Zhuang Hong Yi draws influence from both his upbringing and education in China, as well as from his experience living in the Netherlands, where he is now settled with his wife. After completing his studies at the Sichuan Fine Art Institute, Zhuang felt himself strongly attracted by the western world.
In Zhuang’s post Mao China strong signs of change could be felt, but society continued to be torn between fear and hope, tradition and modernity, and artistic training could not deviate much from the traditional rules of the academy. He thus turned to Europe, and the Minerva Academy of Visual Arts, to pursue an independent artistic career, and on in which he felt he could express himself more freely. Zhuan felt that the European art of the time trended in more diverse, imaginative, and less commercial ways, as compared to the popular traditional styles prevalent in China.
What he sought in the Netherlands was not a new ideology but rather the mental freedom to produce works according to his pure expressive energy and to build a career based on the traditions of his native country. His work, now shaped by the meanings of colors and materials, analyses the space separating form from content. As a visual artist, Zhuang believes that the aesthetic is the most powerful element he can employ, basing this philosophy on the belief that the expressiveness of images begins with their appeal.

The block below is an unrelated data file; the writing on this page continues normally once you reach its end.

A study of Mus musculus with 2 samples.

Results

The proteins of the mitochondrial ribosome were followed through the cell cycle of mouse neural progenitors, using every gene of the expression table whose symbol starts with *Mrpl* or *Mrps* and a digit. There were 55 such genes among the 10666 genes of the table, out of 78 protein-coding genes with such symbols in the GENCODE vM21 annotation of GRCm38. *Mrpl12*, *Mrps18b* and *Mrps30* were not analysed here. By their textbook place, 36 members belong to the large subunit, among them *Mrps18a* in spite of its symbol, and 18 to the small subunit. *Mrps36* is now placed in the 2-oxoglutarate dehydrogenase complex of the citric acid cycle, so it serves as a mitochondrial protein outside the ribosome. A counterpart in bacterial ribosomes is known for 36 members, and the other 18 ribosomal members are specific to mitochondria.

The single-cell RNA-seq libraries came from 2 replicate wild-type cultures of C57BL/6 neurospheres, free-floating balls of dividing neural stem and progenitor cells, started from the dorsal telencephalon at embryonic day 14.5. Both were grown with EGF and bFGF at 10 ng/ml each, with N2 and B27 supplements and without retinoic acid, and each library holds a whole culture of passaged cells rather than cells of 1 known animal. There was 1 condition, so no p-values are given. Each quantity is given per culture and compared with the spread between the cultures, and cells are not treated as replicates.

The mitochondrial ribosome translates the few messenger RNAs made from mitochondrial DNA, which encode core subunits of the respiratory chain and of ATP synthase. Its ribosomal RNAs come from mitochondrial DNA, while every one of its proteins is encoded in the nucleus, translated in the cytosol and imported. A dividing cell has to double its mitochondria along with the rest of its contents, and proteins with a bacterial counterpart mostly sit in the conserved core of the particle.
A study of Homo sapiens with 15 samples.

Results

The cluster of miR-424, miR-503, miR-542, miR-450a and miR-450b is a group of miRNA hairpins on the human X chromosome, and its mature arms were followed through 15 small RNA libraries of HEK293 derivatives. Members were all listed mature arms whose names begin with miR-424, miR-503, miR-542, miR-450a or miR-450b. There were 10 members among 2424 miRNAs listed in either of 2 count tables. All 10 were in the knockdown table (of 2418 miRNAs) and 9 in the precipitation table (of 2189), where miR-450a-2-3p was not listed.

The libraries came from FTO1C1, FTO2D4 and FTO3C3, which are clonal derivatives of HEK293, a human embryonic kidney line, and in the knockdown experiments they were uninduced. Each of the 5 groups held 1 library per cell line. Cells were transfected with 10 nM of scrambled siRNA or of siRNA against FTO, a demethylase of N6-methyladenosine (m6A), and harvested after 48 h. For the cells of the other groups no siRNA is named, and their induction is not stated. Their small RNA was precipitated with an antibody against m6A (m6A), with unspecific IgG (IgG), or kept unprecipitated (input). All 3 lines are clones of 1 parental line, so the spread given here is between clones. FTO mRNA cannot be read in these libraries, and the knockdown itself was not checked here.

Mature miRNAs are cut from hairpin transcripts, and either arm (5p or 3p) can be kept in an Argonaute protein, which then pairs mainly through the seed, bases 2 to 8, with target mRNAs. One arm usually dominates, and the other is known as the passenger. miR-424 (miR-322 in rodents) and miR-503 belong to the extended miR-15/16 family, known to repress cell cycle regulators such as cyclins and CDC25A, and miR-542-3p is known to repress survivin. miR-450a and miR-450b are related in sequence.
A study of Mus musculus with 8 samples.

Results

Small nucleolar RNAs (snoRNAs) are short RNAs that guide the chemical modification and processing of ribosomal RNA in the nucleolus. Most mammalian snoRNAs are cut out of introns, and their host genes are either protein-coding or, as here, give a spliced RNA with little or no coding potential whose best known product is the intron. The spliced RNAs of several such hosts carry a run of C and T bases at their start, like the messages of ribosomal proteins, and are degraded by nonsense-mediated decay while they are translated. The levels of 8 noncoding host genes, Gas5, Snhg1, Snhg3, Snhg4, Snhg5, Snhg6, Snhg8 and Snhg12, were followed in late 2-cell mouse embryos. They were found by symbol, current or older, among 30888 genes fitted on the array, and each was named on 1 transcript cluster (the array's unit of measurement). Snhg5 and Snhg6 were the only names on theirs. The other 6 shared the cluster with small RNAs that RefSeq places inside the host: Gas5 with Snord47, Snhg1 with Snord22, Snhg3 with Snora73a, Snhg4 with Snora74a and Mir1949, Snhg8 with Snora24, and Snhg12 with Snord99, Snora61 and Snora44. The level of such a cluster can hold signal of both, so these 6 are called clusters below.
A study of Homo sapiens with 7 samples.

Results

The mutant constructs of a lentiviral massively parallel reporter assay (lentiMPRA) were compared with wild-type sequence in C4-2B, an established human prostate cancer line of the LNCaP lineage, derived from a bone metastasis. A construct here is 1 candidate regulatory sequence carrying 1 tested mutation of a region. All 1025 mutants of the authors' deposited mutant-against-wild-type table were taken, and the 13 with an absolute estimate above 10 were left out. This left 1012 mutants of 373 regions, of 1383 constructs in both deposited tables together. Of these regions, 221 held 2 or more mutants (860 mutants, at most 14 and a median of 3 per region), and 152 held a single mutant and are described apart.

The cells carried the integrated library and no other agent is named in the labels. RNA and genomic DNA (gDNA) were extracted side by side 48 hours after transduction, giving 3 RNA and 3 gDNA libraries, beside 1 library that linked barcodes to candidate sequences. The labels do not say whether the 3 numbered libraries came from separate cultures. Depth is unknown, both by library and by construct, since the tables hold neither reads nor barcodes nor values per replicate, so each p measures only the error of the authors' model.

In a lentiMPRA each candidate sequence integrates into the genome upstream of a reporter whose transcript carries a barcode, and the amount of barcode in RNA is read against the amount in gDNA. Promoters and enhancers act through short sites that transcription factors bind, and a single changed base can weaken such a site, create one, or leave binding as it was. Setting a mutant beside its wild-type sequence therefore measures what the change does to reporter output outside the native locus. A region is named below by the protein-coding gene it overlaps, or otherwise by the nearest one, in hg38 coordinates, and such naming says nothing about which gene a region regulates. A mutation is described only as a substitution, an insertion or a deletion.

After many years living in Europe, Zhuang has not weakened his ties with China. In fact he still has a studio in Beijing, where he travels regularly to work, immersed in his culture of origin. Chinese folk art, its materials and how they are used, provide him with an inexhaustible source of inspiration from which to gather new ideas.
Zhuang’s paintings are often characterised by a bold and surprising mix of bright colours and are made of mysterious layers of images. His work, both attractive and seductive, is almost sculptural, given its three dimensional nature, and reflects his desire to evoke in the viewer a magnetism between the tactile and the delicate floral forms. Handmade one by one from rice paper through vibrant colours that are mixed dynamically between texture and brightness, his paintings provide an environment where renewal and tradition may go hand in hand, creating a dialogue between traditional canons and contemporary conceptualism.
BLOSSOM: The Art of Zhuang Hongyi’ will open on March 19th. The exhibition will run until May 30th, 2014, at the Hua Gallery, London.